645 Manhattan Ave.
(betw. Bedford & Norman Aves.), Brooklyn
Nestled among the intimate Polish eateries, numerous bodegas and pizza joints of Greenpoint’s Manhattan Avenue, sits what was once a beacon of hope for those not willing to tromp into Williamsburg for decent Korean cuisine. But lurking behind the words LITTLE KOREA spelled out in big chunks of bamboo is a neighborhood restaurant that fails to make up with style what it lacks in authenticity.
Perhaps I should have been warned by the over-compensation evident in the decorations—particularly the gaudy bamboo used for the sign. And the bamboo that was also attached to the walls inside and glued to the front of the gigantic menus that the sweet, blond waitress gave us as we settled into our booth. They were a little difficult to handle, but we managed to pull ourselves together enough to admire the selection of large beers, available for about $5 a piece.
As budget-aware ladies (aka “broke”) we decided to focus on the positive, instead of on the lack of actual Korean alcohol, which seemed glaringly obvious. As we continued to scan the menu, however, we realized that the dishes weren’t exactly what we were expecting either, with few recognizable Korean specialties to choose from.
The vegetarian among us desperately scanned the pages looking for some sort of meatless Bi Bim Bop, or option aside from the enthralling “Little Korea salad” ($6), or the “seasoned mixed vegetables” ($9.50).
Unfortunately, when asking for suggestions, the waitress didn’t seem especially schooled in Korean cuisine, so we chose a few that sounded promising and waited for the assortment of banchan to show up. But sadly the cucumber/cabbage kimchi, sardines or other small dishes that usually accompany Korean meals never arrived, regardless of the stares we shot the sweet—but most-likely creeped-out—waitress.
The booth was cozy and round though, perfect for conversation, and the lighting was just dim enough to inspire romance in the couples around us.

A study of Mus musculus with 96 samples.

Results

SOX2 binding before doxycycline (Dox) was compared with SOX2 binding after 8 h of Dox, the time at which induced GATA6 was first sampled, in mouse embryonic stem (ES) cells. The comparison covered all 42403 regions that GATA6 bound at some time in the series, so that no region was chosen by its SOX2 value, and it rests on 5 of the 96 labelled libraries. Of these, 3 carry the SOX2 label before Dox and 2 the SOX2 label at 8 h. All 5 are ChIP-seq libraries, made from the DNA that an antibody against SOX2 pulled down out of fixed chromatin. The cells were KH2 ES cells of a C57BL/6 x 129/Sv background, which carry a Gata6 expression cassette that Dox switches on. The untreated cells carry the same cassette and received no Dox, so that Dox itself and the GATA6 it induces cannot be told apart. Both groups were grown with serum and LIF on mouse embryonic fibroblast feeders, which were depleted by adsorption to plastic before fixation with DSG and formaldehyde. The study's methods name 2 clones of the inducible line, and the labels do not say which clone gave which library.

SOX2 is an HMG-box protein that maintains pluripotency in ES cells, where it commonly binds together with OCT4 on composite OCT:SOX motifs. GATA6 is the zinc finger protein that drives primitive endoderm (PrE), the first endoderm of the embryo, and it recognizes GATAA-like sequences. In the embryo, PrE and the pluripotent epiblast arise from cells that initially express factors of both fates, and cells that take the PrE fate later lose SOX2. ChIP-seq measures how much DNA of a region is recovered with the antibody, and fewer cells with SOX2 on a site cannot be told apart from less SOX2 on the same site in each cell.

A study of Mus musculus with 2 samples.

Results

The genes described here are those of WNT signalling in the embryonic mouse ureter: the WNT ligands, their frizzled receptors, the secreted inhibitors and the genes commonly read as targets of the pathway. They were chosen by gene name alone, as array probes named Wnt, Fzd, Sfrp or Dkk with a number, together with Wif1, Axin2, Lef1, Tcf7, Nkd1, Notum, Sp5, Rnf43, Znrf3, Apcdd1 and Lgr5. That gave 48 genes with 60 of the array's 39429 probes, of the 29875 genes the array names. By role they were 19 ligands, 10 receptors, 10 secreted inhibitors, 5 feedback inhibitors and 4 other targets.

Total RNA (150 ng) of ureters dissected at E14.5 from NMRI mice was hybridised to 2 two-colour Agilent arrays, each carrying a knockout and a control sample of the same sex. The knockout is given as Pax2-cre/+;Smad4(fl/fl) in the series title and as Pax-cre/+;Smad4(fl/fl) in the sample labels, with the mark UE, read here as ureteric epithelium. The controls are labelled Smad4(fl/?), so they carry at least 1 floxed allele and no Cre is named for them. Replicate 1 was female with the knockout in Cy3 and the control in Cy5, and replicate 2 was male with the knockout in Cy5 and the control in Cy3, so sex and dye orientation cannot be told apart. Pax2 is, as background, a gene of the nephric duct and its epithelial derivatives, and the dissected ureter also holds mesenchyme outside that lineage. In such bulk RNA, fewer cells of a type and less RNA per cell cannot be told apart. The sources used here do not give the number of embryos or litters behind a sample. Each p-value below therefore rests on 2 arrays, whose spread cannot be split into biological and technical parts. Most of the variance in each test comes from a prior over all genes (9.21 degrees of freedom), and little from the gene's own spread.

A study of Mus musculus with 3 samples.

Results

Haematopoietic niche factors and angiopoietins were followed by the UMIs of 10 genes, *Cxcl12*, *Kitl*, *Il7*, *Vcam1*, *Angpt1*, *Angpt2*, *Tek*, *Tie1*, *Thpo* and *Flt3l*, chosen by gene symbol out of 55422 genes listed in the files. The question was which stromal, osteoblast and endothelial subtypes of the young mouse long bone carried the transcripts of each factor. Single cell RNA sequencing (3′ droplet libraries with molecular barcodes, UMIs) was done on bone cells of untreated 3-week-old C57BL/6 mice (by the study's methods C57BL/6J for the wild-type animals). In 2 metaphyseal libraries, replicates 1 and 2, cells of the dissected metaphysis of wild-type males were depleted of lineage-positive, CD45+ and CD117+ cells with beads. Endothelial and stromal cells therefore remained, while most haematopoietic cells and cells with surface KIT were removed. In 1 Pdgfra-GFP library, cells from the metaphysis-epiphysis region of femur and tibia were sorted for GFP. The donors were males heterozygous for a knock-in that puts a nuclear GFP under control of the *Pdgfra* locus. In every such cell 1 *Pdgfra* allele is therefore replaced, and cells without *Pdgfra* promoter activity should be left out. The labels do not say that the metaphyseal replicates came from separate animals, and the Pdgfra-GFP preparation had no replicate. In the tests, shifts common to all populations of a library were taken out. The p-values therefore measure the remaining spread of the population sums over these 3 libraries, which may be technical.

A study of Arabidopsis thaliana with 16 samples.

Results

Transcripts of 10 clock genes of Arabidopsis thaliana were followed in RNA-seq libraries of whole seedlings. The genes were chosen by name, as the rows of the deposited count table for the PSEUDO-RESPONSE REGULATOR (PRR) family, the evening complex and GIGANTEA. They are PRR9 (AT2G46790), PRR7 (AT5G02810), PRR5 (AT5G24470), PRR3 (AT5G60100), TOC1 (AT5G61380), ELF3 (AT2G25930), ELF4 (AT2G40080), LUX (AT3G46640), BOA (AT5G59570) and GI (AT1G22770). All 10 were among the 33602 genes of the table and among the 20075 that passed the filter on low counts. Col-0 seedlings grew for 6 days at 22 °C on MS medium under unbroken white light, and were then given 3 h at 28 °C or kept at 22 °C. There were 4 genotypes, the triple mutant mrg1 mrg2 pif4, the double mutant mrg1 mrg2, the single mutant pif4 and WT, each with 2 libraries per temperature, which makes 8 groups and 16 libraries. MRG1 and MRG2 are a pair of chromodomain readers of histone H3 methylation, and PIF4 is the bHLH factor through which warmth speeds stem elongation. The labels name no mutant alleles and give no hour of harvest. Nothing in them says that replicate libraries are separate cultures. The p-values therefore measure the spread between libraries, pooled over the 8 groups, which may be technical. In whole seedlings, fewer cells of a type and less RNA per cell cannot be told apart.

Our meals arrived quickly, and the steaming glass noodles on my plate looked delicious, as did the beef short ribs with BBQ sauce ($10) cutely perched on top of them.
While I started digging in, my companion asked the waitress for a knife, and moments later I was awarded with a giant bowl of shiny mayonnaise. I don’t know who was more horrified: the waitress imagining globs of mayo being applied to the chicken dish, or my polite friend who feigned enthusiasm for the bowl of lard.
After the knife was finally secured, we could really focus our attention on the food in front of us. My friend’s Korean curry chicken with seasonal vegetables ($8) looked appealing, though it was a departure from usual Korean dishes. Upon tasting it we realized its lack of spice, though the vegetables did seem fresh and flavorful.
My other companion’s vegetarian dish was a little kickier, and the tofu was firm but juicy, which was a relief considering how difficult it had been for her to find a feasible veggie option to begin with. But again, it didn’t seem to be an impressive Korean dish as much as a well-composed vegetable medley.
My beef short ribs with BBQ sauce and glass noodles were along the same lines—good and edible—but not especially savory. The beef was tender and easy to peel off the bone, and the glass noodles made a delicious bed for them, but the BBQ sauce was a bit too sweet and threw the flavor off.
After finishing up our meals, we decided to skip dessert (though the raspberry and almond tart with vanilla ice cream for a mere $3.50 sounded tempting), and focus on our true love: the big $5 beers.
We agreed that though the waitress was sweet, the location convenient and the atmosphere nice (minus the excessive bamboo usage), Little Korea might best be enjoyed for its three-course, $9 lunch special (weekdays from noon-4 p.m.) and not depended upon for authentic or memorable Korean cuisine.
We’ll have to continue trekking to other parts of the city for that.